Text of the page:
St George's researchers from the Genetics Research Centre find new gene associated with hereditary spastic paraplegia
Dr Cathy Moore (Postdoctoral Research Assistant) in our I&I Research Institute discusses how parasites have shaped our history.
See how our research transforms people’s lives in our community, throughout the UK and around the world
Whether you can work during your studies depends on what type of immigration permission you have. Your visa will say if you can work in the UK and, if so, how many hours per week during term time. It is very important that you follow the conditions of your visa and ensure that any work you may undertake does not interfere with the academic requirements of the course.
UKVI treats work restrictions very seriously. If you undertake any work that is not allowed or work more hours than you should, you will be considered to be in breach of your immigration conditions. This is a criminal offence and can have very serious consequences for you and for the university’s Tier 4 sponsor licence.
Please contact us if you are unclear about your working conditions or think they are incorrect. You must not work if your visa states “No work” or “Work prohibited”.
If you have a short-term study visa, you are not permitted to take paid or unpaid employment nor are you able to undertake a work placement as part of your course.
Your Tier 4 (General) visa should state that you can work for a maximum of 20 hours per week during term-time and full-time during official vacation periods. This is a maximum of 20 hours in total in any one week, including paid or unpaid work, and working for one or more organisations. The 20 hours cannot be averaged over a longer period.
A ‘week’ is defined by UKVI as a period of seven days beginning with a Monday.
It is important to understand that there are some restrictions on your employment if you have a Tier 4 (General) visa. You cannot:
be self-employed or engage in business activities (business activity includes working for a business, not as an employee – for example, as a contractor)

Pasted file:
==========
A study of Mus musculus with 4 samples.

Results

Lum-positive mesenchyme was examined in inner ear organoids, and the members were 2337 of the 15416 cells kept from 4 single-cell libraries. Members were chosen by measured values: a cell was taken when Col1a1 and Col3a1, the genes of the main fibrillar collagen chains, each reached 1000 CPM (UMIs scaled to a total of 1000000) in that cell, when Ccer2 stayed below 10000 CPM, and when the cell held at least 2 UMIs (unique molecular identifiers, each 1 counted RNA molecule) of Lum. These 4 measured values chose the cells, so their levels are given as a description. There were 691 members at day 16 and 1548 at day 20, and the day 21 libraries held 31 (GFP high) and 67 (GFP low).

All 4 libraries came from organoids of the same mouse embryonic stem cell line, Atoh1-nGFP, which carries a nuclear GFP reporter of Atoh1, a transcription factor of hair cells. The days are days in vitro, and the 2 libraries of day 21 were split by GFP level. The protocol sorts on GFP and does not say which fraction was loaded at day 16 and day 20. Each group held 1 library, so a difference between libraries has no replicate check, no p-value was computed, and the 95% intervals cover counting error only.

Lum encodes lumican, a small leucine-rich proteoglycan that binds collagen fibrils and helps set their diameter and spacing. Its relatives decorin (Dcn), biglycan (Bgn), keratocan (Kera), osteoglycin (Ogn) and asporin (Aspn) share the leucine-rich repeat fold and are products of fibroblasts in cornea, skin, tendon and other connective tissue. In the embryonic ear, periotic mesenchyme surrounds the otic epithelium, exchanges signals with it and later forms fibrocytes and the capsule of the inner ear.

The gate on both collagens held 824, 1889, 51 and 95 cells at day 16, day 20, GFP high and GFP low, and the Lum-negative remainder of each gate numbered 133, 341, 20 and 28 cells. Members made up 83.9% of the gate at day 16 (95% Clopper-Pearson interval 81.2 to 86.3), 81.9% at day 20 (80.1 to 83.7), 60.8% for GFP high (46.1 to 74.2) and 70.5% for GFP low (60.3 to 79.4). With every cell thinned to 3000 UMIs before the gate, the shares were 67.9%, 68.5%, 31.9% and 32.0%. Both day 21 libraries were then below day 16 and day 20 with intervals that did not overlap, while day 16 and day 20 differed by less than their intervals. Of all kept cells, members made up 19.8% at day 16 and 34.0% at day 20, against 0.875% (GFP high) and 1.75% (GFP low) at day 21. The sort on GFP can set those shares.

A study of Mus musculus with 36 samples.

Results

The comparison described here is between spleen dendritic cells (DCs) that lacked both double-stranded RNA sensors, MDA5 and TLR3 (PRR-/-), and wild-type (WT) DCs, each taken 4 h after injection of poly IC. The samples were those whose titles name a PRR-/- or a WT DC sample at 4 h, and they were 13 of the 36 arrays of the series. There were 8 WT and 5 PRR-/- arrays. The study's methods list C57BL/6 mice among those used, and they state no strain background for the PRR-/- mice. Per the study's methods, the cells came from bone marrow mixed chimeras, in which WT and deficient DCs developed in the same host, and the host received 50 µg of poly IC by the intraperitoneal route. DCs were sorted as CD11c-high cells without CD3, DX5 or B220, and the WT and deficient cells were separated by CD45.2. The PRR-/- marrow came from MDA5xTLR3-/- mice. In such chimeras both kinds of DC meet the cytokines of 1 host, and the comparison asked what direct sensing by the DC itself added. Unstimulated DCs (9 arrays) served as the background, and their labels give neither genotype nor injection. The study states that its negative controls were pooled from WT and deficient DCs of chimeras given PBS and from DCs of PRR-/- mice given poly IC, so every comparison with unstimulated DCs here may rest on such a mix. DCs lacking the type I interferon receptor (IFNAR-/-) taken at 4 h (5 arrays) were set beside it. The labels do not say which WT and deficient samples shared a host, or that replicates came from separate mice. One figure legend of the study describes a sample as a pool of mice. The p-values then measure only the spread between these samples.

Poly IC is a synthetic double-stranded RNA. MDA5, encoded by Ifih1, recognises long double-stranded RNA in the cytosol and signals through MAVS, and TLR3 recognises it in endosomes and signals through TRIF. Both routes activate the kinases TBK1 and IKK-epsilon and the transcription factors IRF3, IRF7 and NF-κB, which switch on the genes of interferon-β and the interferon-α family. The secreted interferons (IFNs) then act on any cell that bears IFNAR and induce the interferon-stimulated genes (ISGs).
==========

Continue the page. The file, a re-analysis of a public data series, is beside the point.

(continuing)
fill a permanent position (except as an elected Students’ Union sabbatical officer)
be employed as a professional sportsperson, including as a sports coach
be employed as a professional entertainer
set up a business, or be involved in the management of a business, for example, as a director
work as a doctor or dentist in training, unless you are on the foundation programme
work more than the number of hours stated on your visa during term time under any circumstances.
The definition of a ‘professional sportsperson’ was amended on 10 January 2019. It is now only possible for a Tier 4 (General) student to work as an amateur sports coach or sportsperson in a charity event. Nothing else is allowed.
Term dates are set by the university and will differ depending upon the programme of study. It is very important you check the official vacation dates for your programme before undertaking full-time work. Term dates are published on our web pages and cannot be amended.
Your employer should ask you to provide official written confirmation of the term dates as part of their ‘right to work’ checks. You can request the written confirmation from the International Advising Team.
For postgraduate students, the summer period is still considered to be term time, which means you cannot work full-time. Once the official course end date has passed (as listed on your CAS statement) you can work full time until your visa expires.
You can work full-time after your course end date on your CAS until your visa expires.
You might want to be a volunteer during your time in the UK.
There is a difference between unpaid employment (voluntary work) and volunteering, and you should always check with the organisation which offers you a volunteering opportunity whether it can be regarded as unpaid employment. This is because time you spend doing unpaid employment counts towards your maximum number of hours of work a week.
The Tier 4 policy guidance confirms that Tier 4 students can volunteer and explains how UKVI differentiates between ‘voluntary work’ and ‘volunteering’. For example, volunteers do not have a contract and are not paid, though reasonable travel and living costs can be reimbursed. Volunteers usually help a charity, voluntary organisation or public sector organisation.
You do not need a National Insurance number when you are looking for work but once you start a job you will need to apply. Information on applying for a National Insurance number can be found on the GOV.UK website.
If you have a Tier 4 dependent, they can take any type of employment, including self-employment, except as a doctor or dentist in training.